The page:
Following the collapse in oil prices in 2014, Russia’s domestic demand fell by about 10 % last year. GDP contracted 3.7 %. Oil prices declined again in the second half of 2015. Given the oil export price shocks, we expect the Russian GDP to contract by 3 % this year if the oil price averages slightly above $40 a barrel (about 60 % below the average price in 2014). Russian imports slumped by 30 % in 2014–2015, and we expect imports to fall another 10 % this year due to the economic contraction and Russia’s falling export earnings. With rather high inflation eating away at purchasing power, we see domestic demand shrinking substantially in 2016, including a reduction in real government spending. While a gradual rise in oil prices will bring economic respite and revive imports in 2018, economic growth remains slow due to uncertainties and Russia’s poor business environment. The central risks in the forecast involve oil prices and changes in imports.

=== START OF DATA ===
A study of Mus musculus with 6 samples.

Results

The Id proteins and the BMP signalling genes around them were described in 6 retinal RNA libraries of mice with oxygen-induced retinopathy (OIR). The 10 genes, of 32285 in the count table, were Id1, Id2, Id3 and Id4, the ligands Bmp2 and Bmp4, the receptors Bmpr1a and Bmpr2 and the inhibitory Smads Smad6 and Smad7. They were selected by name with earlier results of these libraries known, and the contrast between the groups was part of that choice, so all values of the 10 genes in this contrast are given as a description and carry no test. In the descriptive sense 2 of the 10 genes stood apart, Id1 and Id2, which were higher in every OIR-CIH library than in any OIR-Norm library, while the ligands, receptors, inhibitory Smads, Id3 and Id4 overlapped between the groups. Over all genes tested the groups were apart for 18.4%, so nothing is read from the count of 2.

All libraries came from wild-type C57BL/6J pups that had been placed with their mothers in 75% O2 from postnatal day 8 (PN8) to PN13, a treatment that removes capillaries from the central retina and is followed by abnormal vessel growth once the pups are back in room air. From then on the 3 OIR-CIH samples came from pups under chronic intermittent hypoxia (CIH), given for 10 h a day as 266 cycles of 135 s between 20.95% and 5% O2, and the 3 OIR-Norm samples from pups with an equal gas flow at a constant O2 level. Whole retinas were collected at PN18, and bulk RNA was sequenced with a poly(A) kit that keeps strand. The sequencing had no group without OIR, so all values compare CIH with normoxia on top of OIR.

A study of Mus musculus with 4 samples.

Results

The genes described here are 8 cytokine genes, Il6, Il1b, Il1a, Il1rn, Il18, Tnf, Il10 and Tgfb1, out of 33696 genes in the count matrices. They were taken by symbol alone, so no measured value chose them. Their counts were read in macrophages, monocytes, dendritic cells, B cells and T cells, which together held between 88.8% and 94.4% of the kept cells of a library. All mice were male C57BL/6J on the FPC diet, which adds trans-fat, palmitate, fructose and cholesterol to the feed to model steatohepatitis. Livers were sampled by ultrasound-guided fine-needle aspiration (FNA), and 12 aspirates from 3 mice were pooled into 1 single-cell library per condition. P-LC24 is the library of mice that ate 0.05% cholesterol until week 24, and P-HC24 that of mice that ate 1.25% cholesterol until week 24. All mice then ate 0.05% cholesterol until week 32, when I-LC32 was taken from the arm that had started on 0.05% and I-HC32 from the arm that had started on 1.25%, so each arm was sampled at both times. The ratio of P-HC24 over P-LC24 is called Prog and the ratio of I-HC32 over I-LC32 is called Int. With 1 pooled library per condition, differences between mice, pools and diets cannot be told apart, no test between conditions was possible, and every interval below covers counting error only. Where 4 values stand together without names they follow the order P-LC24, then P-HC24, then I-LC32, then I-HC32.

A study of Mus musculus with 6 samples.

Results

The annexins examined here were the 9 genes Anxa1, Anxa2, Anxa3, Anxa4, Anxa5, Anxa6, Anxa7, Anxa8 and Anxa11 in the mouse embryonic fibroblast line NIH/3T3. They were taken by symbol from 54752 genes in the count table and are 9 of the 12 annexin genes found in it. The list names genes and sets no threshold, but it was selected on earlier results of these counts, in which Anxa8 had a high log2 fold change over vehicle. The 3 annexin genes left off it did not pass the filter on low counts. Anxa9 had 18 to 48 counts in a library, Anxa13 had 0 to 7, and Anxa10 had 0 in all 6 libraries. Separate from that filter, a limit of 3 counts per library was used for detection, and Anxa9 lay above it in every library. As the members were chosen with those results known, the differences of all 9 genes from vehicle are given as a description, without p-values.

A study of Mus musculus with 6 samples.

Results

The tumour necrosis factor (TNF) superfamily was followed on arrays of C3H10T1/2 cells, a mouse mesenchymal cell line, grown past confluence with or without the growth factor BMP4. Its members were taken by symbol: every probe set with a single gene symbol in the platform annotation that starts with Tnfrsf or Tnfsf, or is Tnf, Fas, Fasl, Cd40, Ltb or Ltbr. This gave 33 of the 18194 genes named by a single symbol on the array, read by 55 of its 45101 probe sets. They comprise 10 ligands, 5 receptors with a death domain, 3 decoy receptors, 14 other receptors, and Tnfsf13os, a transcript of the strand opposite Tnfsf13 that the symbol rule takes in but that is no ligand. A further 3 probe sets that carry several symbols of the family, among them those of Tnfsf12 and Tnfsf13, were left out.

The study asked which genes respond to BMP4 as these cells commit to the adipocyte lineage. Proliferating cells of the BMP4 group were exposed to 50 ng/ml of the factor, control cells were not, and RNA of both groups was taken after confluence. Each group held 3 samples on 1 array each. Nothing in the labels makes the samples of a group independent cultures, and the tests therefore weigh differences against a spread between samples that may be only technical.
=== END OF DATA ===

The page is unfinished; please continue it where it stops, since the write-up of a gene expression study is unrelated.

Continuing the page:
Economic growth in China continued to slow in 2015, with annual GDP growth coming in at slightly below 7 %. Even with the negative market reactions to lower growth, there is little change in the long-term outlook. The modest slowing trend in growth will continue and China will move ahead with structural adjustments to its economy. As in our earlier forecasts, we expect the Chinese economy to grow at around 6 % p.a. in 2016 and 2017. In 2018, growth will slow to around 5 %. As China’s economy opens up to the world, it faces new risks that require more transparent policy responses. China’s high (and rising) debt-to-GDP ratio makes it increasingly susceptible to severe economic disturbances.

The forecasts can be found here.

For further information:
Vesa Korhonen, senior economist, +358 10 831 2834 / vesa.korhonen(at) (Russia)
Jouko Rautava, adviser, +358 10 831 2280 / jouko.rautava(at) (China)
Iikka Korhonen, BOFIT head, +358 10 831 2272 / iikka.korhonen(at) (Russia and China).